I have been voting since I was 18. My first national election was in 1980. That was my first year in college, and I met an attractive girl who worked on the John Anderson campaign. I called my dad — who was a Democrat for as long as I could remember — and asked him if he would disown me if I voted for a Republican. We laughed about that, but Dad agreed that Anderson was an interesting candidate. Shortly afterward, Anderson left the Republican party and ran as an Independent, and so I was spared the possibility of registering as a Republican.
Instead, I registered as an Independent, and I have stayed that way ever since. When pressed, I have referred to myself as a Democratic-voting Independent. I have only ever given money to Democratic Party candidates, and have only ever voted for Democrats in national elections (with one notable exception: Ralph Nader in 2000). It just works for me. My refusal to register as a full-fledged Democrat became easier over the years as I saw that party tilt further to the centrist right. The inability of the national party to make substantive inroads on the environmental crisis, or to fight the right-wing media machine, or to keep President Clinton from being impeached, or to get us out of Iraq, only bolstered my feeling that they did not deserve my support.
In 2007, I did something for which I was, in retrospect, wholly unprepared: I ran for public office as an independent candidate for the Charlottesville City School Board. Fortunately, all School Board candidates are independents, and with the exception of the returning Chairman, this was the first time any of us had campaigned for public office, so the playing field was pretty level.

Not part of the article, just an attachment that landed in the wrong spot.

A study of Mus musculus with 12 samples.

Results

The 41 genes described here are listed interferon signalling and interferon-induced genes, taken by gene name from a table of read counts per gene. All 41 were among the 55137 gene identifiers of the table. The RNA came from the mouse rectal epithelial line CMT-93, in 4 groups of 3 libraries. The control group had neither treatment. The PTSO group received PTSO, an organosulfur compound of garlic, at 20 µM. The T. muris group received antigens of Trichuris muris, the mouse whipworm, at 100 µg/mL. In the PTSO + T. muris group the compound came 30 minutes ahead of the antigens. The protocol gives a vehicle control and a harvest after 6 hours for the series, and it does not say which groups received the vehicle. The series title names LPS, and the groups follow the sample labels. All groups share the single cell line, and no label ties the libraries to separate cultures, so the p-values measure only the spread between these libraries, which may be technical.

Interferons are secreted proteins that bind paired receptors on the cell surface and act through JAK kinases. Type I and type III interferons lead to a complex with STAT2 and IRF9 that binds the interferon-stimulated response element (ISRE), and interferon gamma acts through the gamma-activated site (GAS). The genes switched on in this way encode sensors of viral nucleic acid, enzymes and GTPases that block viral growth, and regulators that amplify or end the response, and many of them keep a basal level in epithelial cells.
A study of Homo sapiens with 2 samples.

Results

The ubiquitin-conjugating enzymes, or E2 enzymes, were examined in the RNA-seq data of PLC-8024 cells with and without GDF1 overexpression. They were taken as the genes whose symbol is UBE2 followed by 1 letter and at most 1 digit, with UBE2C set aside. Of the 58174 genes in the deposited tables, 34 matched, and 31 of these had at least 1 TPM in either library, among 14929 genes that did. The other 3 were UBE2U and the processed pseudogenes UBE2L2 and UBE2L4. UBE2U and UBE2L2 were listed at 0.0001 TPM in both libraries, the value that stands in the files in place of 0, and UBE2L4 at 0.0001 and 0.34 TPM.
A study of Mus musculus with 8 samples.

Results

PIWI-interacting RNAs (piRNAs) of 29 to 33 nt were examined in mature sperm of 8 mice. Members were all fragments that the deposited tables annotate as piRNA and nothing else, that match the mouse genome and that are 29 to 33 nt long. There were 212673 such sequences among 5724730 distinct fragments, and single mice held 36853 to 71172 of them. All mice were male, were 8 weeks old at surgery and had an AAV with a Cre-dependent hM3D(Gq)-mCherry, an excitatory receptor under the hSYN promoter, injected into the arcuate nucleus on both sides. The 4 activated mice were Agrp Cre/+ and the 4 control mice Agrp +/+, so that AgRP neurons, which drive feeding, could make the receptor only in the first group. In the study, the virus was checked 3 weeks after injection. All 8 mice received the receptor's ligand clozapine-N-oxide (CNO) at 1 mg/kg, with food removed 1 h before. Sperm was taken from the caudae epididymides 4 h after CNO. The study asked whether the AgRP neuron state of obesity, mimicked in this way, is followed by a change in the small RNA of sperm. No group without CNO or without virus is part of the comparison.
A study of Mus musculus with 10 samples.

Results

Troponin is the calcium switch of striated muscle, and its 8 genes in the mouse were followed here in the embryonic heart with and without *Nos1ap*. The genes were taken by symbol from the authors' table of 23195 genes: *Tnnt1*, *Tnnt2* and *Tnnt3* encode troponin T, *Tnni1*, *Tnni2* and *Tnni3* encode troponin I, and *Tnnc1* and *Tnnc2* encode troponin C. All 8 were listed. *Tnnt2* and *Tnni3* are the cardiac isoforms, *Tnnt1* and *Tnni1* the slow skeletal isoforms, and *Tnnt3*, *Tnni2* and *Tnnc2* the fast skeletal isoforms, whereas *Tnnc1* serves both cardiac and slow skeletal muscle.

I did not win that election, but simply by being a candidate, I got to meet many of the movers-and-shakers in our region. I had breakfast with Kevin Lynch, outgoing City Councilor, who gave me good advice on what it means to be in the public eye. State Delegate David Toscano encouraged me several times. Councilor and new mayor Dave Norris was an early supporter and even allowed me to post a yard sign on his property; he also contacted me after the election and nominated me to serve on the Parks and Recreation Citizen Advisory Board.
All of these great men have an important trait in common: they’re all Democrats.
Last week, I attended the local Democratic party reorganization meeting. All my new acquaintances were there, along with several old ones. I felt very much at home. I found my precinct chair and, by the end of the meeting, had signed up to be a local committee member and to help with upcoming Democratic events. By the time the meeting finished, one thing was clear: I’m a Democrat!
So what transpired to get me into the Democratic party after nearly 30 years? The answer is simply and obvious. For the longest time, Democrats were those people in our state and federal capitals who just could not seem to get enough of the right things done. But in this last year, the Democratic party has been represented by people like Kevin Lynch, Dave Norris, David Toscano, Holly Edwards, and David Brown. These are my neighbors, supporters, and new friends. Speaker Tip O’Neill said that “all politics is local”, and that is a lesson that I have now learned on a very personal level. I may still be frustrated with the national Democratic party, but last week the local Democrats welcomed me as kin. An astonishing number of people had seen me campaigning last year; they greeted me by my first name, and they thanked me for trying.
The most important thing I learned by running for office is that you can’t easily accomplish worthwhile things on your own. The candidates who won were the candidates who had the most support from family and friends. Well, I feel like my circle of both has just grown. I look forward to being a part of the progressive, compassionate, accomplished movement that is the Democratic party in Virginia. I think my dad would approve.